Representatives from London's Metropolitan Police have attributed a drop in the number of London's club-related shootings to the controversial Form 696, a risk assessment scheme that requires details of live music events to be handed over to police by venues in consultation with promoters at least two weeks in advance of an event.

Music industry group U.K. Music has joined with artists in campaigning against the scheme, while last week the U.K. Culture, Media and Sport Committee called for the policing system to be scrapped, describing it as an "increasingly authoritarian approach."

However, police defended the system at a panel session during the annual Brighton music conference and festival the Great Escape (which ran May 14 to 16). One in 20 shootings now occur in or around licensed premises, down from one in six at the beginning of 2007, according to the Met.

"The development of 696 has undoubtedly contributed to lowering shootings in these venues," said Thomas Bowen, who leads the Met Police's 696 team.

Chief Inspector Adrian Studd, of the Met Police Clubs and Vice Unit, added that there had been an 11% reduction in crime around live venues this year.

Form 696 requests personal details from performers, including a telephone number and address, at least 14 days before an event. It is used as part of a risk assessment by the Met Police, which then advises individual councils on an event's suitability for a license.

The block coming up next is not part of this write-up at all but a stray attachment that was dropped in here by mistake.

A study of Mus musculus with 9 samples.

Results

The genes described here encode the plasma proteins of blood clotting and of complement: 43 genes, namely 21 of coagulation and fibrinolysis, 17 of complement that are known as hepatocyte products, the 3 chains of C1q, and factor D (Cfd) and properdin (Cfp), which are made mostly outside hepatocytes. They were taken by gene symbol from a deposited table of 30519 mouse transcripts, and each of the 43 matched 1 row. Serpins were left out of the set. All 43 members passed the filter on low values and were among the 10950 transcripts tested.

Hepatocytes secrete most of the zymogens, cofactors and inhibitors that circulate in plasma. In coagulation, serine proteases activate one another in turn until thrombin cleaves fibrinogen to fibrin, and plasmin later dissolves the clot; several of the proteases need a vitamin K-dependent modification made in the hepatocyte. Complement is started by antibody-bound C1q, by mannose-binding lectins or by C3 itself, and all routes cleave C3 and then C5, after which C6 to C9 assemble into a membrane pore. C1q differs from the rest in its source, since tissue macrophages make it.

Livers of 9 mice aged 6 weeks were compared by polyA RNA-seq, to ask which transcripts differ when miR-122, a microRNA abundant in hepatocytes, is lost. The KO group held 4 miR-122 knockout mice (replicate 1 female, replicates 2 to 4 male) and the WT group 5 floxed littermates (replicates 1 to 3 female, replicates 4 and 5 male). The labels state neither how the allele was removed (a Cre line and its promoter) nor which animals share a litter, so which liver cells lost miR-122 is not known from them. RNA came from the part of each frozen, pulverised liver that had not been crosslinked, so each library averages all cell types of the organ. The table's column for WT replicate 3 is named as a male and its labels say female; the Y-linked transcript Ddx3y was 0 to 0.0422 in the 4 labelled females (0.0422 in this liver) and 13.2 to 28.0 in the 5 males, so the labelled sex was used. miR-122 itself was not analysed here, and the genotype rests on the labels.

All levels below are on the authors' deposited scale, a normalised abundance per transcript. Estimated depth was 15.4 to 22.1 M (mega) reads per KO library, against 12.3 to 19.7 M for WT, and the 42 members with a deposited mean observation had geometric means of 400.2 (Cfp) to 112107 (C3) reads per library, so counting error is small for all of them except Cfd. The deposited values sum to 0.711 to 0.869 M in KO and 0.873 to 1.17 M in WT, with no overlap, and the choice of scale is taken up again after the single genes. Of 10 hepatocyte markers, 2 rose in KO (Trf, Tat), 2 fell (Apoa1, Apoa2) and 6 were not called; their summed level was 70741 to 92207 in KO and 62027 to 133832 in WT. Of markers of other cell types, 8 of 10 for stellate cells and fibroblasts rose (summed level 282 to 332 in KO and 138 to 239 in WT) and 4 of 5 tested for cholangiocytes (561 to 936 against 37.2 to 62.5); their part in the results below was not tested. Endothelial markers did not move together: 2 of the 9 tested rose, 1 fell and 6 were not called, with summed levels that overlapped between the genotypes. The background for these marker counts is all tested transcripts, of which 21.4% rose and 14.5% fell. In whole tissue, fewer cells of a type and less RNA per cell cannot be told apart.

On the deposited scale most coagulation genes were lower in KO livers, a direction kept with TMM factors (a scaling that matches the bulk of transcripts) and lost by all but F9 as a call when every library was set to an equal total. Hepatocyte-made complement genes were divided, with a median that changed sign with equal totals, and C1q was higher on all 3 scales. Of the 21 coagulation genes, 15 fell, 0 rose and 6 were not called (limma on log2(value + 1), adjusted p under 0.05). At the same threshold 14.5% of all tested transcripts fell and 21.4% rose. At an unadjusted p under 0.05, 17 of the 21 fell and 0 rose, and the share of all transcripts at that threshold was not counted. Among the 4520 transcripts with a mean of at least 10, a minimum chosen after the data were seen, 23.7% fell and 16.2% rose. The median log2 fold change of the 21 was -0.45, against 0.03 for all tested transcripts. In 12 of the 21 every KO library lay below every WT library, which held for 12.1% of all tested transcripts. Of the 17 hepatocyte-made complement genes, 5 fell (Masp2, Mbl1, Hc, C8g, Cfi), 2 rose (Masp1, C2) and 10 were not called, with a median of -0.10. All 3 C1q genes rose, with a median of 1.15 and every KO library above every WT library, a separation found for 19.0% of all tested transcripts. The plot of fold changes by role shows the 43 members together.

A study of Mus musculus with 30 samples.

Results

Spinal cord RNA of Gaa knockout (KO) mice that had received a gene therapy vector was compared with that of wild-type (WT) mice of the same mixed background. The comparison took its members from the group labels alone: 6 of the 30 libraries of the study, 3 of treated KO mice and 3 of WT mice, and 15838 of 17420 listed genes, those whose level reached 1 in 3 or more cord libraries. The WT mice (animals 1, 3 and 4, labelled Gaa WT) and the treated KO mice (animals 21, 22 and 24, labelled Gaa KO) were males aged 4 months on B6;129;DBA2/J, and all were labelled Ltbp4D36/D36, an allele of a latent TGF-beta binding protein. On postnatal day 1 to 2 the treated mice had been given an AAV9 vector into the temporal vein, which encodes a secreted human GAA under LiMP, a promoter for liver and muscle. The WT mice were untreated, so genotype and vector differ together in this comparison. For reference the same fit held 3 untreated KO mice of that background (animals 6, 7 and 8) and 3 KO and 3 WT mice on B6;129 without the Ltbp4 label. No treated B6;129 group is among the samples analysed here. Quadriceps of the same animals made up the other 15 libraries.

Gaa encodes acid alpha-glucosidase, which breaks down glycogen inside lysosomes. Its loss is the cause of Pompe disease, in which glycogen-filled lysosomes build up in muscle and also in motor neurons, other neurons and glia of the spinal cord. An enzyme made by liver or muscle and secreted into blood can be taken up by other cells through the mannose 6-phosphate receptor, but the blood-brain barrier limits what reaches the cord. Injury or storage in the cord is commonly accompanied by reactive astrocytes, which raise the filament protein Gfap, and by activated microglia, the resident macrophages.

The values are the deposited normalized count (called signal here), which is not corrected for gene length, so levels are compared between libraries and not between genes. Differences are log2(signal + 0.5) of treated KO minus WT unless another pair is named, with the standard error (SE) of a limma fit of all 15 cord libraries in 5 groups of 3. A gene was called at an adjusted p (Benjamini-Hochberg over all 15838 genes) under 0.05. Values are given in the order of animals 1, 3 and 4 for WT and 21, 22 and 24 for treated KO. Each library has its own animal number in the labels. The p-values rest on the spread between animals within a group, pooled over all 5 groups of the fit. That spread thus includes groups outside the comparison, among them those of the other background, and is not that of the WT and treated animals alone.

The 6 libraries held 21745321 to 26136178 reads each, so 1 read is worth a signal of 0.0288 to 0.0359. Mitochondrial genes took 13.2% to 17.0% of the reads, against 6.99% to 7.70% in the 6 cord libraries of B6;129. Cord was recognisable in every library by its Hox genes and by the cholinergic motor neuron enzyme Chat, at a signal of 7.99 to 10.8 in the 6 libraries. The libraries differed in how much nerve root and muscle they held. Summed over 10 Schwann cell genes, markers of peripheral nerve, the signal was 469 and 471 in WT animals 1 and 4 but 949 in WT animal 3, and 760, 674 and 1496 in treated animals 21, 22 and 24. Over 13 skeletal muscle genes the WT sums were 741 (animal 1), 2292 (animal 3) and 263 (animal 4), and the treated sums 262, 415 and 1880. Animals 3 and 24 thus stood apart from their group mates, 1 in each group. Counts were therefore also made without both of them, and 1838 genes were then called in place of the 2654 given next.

However, the form has courted controversy in recent months from members of the U.K. live industry who believe the form is damaging and unnecessary. Steve Forster, managing director of Mama Live, which operates a network of live music venues including the HMV Apollo and the HMV Forum in London, expressed his concerns as he appeared alongside Bowen and Studd at the conference.

"Form 696 is a particularly narrow piece of paperwork which largely focuses on what police perceive as a promoter and what they think an event is," he said. "This detracts from the more important issues." According to Forster, the focus should instead be on "high risk events."

In response, Studd said it needs to be narrow because, as police, they are "looking for crime and disorder."

Citing the recent example of a concert from an American R&B singer on Sony Music's roster, Forster explained that after police deemed the event "high risk," they then put the responsibility of any violence in the area on Mama Live's shoulders. The concert, which attracted 80% females between 14 and 21 years old, went ahead without incident yet left Forster with "a sour taste in my mouth."

There is also concern that Form 696 groups certain music genres together. On the form, "Bashment, R&B and Garage" -- all popular within black and Asian communities in the U.K. -- are used as examples of music styles.

On the panel, Bowen also confirmed that "black on black" shootings was a chief factor behind the system's creation.

"Gang warfare is not relevant to pop concerts," said Forster.